Don't Get Played: Choosing Quality Play Therapy For Your Child

Play therapy. What is it?  Who needs it?  Who can provide it?  Play therapists are often questioned about the validity of their work, as the very idea of play therapy, or playing during therapy, seems of little relevance.  Surely, there can’t be any benefits or growth by “just playing,” right?

In reality, play therapy can be a vital service for your child’s treatment, helping him or her express and experience in a developmentally appropriate manner, when traditional talk therapy may not fit nearly as well. There are, however, several factors to consider when selecting a therapist for your child.

First, play therapy is far more than playing children’s games with no forethought or direction. It is, by definition from the Association for Play Therapy, “the systematic use of a theoretical model to establish an interpersonal process wherein trained play therapists use the therapeutic powers of play to help clients prevent or resolve psychosocial difficulties and achieve optimal growth and development.” In other words, play therapy is a theoretically based approach to support individuals and families in problem exploration, growth, and resolution, based on and through their experiences within therapeutic environment.

Play therapists utilize a variety of tools that can include but are not limited to the use of puppets, dolls, dress up items for dramatic play, art supplies, games, and the use of a sand tray and miniatures.  These items are used for and by the client to tell their story, and to work through their own self identified struggles and conflicts.  Play therapy is a research based therapeutic approach that has been shown to increase a child’s ability to learn from and deal with a variety of areas of concern including trauma, as well as social and emotional difficulties.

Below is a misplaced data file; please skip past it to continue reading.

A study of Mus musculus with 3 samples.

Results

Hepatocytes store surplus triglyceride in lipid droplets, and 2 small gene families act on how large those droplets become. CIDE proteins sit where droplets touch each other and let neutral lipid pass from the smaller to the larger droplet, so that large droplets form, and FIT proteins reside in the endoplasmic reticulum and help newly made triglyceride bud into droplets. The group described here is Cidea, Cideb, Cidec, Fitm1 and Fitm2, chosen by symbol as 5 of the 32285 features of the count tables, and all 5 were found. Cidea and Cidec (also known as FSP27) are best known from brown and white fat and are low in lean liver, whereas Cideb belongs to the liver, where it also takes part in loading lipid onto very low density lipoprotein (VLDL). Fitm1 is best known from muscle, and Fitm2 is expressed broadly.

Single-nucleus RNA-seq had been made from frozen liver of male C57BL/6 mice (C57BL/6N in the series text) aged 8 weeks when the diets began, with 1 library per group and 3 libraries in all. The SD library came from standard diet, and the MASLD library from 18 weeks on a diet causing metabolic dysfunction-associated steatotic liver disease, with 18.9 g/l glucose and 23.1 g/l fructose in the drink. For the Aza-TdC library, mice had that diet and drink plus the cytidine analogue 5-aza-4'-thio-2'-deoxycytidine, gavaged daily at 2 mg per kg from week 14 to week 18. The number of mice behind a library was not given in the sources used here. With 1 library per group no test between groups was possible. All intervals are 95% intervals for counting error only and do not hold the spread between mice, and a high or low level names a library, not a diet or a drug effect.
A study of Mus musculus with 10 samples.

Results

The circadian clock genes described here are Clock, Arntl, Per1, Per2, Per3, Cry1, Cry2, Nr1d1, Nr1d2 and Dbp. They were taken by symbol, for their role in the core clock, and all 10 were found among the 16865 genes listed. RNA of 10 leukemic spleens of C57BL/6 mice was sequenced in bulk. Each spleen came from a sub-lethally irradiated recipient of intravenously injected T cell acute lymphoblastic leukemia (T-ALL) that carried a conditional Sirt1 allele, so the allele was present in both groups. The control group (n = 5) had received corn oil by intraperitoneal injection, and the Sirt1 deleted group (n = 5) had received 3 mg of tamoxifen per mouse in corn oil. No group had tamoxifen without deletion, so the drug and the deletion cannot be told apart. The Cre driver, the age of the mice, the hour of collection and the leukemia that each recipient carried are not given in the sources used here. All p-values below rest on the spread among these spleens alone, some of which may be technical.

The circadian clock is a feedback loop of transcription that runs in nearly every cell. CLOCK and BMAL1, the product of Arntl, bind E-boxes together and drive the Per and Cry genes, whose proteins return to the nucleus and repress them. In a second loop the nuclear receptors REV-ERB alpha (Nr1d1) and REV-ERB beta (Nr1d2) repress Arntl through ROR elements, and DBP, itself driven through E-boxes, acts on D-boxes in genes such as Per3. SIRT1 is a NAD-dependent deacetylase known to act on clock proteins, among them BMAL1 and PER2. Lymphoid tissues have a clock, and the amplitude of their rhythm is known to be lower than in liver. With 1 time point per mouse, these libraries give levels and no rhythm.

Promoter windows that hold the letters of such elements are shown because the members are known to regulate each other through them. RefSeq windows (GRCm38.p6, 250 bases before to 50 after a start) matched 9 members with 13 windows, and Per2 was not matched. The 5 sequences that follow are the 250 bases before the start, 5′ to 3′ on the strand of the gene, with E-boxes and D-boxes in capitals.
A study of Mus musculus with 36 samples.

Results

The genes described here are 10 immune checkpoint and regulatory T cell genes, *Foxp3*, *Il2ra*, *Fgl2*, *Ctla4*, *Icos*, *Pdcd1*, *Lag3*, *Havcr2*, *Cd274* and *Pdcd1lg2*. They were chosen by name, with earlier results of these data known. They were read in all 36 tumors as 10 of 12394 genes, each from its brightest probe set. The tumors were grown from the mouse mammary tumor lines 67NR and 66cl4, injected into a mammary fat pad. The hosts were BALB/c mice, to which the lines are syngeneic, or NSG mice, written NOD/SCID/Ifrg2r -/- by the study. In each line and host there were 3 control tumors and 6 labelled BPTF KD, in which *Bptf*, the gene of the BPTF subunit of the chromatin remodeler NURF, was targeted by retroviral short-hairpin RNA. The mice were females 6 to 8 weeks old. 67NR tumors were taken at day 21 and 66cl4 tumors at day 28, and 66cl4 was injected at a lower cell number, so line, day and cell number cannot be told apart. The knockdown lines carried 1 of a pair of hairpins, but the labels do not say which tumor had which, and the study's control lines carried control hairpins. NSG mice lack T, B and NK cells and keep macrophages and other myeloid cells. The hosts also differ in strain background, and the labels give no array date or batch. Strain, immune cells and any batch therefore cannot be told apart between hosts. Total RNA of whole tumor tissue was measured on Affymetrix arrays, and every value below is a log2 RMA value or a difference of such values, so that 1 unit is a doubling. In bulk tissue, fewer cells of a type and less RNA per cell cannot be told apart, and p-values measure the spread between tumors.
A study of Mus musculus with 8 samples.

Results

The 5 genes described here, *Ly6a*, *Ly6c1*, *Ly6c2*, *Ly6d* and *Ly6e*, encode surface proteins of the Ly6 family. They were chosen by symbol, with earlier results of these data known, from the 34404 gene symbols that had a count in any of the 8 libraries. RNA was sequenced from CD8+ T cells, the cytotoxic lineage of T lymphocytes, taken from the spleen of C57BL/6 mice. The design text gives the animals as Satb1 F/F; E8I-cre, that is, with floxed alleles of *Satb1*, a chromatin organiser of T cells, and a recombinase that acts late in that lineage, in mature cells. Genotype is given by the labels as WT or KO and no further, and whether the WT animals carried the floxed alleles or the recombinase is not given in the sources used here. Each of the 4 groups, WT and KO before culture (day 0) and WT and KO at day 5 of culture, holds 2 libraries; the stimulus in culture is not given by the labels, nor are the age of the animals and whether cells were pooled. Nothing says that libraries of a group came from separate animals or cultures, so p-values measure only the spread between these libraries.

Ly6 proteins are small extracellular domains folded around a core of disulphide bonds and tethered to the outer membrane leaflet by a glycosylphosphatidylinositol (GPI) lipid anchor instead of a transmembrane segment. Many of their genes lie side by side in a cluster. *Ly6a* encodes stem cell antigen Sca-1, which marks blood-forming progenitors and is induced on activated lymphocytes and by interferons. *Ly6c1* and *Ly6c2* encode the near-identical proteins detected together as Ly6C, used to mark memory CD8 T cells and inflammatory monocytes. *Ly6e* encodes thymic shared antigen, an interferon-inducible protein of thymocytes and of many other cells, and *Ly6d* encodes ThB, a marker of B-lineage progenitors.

So how does play therapy differ from regular play?  Play therapists are trained to observe, assess, and understand the special functions of each child’s play.  These specially trained therapists can direct and model behavior to help a child address and resolve their own problems.  Sometimes, at the directive of the child, the therapist can become involved in the telling of the child’s story, in order to participate in the experience with the client.  In these situations, a play therapist is not only allowing the child a witness to their experience, the therapist is giving the client a message of “I am here with you, to see you, hear your story, and support you”.  Play therapy is an experiential therapy that can move an individual past a stage of being stagnant or stuck, to understanding and living in a new and different way.

Just as you would take your child to a doctor specialized in their area of need, you too will want to find a play therapist who is well trained and has the experience to meet your child’s needs.  What does it take to be a play therapist?  Therapists who are credentialed as Registered Play Therapist (RPT) or Registered Play Therapist-Supervisor (RPT-S) are individuals who have earned a degree in their chosen fields of study, hold a license in their state verifying their clinical experience and education, have taken an 150 hours of play therapy specific education, and completed an additional 500 hours of direct play therapy experience under the supervision of a RPT-S.  This training is on top of their already achieved clinical licensure status.  Top quality education and experience can make all the difference in knowing that you’ve made a confident and well considered choice for your child’s mental health care.

If your looking for someone with a specialty in working with individuals who difficulty expressing their needs, identifying or accepting their emotions, struggling with social skills, consider the highest of quality providers who are trained in specialty area of play therapy.  Be sure to take note of the RPT credentials, and don’t be afraid to ask how they can support your loved one.  Play therapy can create a space safe enough for people to both acknowledge and heal their own wounds. Don’t hesitate to branch out of traditional talk therapy and into the experiential world of play!